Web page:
Japanese trio Boris hit the Rosemount Hotel on Monday, June 1, supported by Pissed Colas and Mt Mountain. DAVID JAMES YOUNG reports.

For over 20 years, the name Boris has been synonymous with all things heavy, noisy and abrasive – not only in their native Japan, but on a global scale.

It’s a reputation that is nigh on unshakable. They’ve been flagbearers for the brutal and the belligerent across more than 20 albums (including collaborative records) and countless tours across the world – so much so that there is a real weight to the expectations around each release that comes along under the Boris name. One would understand and empathise if this were a burden on the band. Boris insist, however, that it’s water off a duck’s back.

“We have never intended to change our musical styles intentionally,” says founding member Takeshi, who provides bass, guitar and vocals. “Some may feel we do, but we don’t. As long as it still means ‘heavy’ for us, we play whatever music style sounds great to us. There is a certain signature sound and music that only three of us can play, and that will never end.”

The band’s most recent offering is an LP succinctly titled Noise. Described by Boris as their “most all-encompassing effort to date”, it saw them once again exploring the greater reaches of the Boris sound via both sprawling compositions and blunt brutality. It also officially marked their 19th studio album in 18 years – an insanely impressive feat any way you cut it. As warmly as the album was received, Boris are adamant that the songs have become even better through playing them live.

“It is pretty exciting to see how our songs grow and are being developed with playing those songs in front of audiences and being accepted in an unpredictable way,” says Takeshi. “That feeling will lead a motivation to do a new one for us. We prefer to play new songs because we can show an audience our most updated sound and style live, and would like to present to our audience the latest one freshly.”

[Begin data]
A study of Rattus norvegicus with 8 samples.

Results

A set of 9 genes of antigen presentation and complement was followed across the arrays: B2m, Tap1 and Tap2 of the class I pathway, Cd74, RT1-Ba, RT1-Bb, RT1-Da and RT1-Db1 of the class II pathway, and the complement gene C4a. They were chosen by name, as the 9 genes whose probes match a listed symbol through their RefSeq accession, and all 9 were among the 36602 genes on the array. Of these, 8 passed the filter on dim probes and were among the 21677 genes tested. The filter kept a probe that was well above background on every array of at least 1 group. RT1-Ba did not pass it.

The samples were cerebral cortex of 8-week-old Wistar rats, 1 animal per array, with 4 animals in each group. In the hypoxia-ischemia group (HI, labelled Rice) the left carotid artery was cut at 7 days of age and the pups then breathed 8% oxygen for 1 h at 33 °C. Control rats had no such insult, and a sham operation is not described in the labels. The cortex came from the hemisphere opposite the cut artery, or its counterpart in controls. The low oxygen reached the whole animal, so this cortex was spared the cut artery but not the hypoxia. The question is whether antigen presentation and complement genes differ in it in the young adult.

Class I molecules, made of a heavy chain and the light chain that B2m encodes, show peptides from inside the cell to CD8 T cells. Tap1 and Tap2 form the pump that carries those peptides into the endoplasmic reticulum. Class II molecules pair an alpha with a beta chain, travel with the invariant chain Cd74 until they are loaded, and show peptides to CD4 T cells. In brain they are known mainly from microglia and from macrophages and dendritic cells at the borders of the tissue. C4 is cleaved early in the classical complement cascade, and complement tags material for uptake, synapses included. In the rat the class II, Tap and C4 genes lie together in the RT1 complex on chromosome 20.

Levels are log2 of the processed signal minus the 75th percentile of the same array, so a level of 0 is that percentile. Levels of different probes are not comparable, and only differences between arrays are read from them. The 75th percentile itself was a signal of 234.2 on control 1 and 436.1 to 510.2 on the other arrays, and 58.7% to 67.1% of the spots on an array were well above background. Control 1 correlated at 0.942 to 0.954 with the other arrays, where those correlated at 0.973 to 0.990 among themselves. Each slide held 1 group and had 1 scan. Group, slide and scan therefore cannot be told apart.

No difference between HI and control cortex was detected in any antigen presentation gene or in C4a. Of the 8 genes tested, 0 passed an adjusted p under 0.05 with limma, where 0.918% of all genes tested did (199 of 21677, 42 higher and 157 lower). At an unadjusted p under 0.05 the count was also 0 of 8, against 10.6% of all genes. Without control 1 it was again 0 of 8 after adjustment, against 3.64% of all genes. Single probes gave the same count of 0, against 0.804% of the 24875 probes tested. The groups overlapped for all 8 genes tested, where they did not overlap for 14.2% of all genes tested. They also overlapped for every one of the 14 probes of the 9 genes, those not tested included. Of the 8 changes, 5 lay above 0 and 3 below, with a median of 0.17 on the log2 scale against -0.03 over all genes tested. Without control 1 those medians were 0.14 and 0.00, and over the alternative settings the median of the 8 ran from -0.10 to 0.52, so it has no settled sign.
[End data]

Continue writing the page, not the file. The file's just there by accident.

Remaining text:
Despite this commitment to performing fresh music, one can never be sure what to fully expect from a Boris show, with literally hundreds of songs to choose from across their vast canon. Even when material is predominantly predetermined – as it was the last time the group was in Australia, playing the entirety of their 2000 LP, Flood – there’s still room for plenty more where that came from.

Takeshi admits that assembling what the band is going to be playing across any given tour is one of the more difficult tasks Boris face.

“Basically, Boris play our latest songs for the show – though it is pretty hard for us to decide the setlist,” he says. “We want to have both new and long-term fans enjoy shows at once. Boris have always tried to play enjoyable sets – not only for our audience, but also for us.”

The trio returns for a run of headlining shows this month, taking in Brisbane, Melbourne, Adelaide, Perth, and two nights in Sydney. Takeshi enthuses that Boris always enjoy visiting Australia, and that the relationship they have with the country is strong – hence why they’ve kept coming back for so long.

“Wata (keyboards/guitar)  was so happy when she held a koala and watched the kangaroos and the other animals last time,” he says. “Audiences in Australia look so excited… we can enjoy our own shows every time. We are all looking forward to the upcoming shows too!”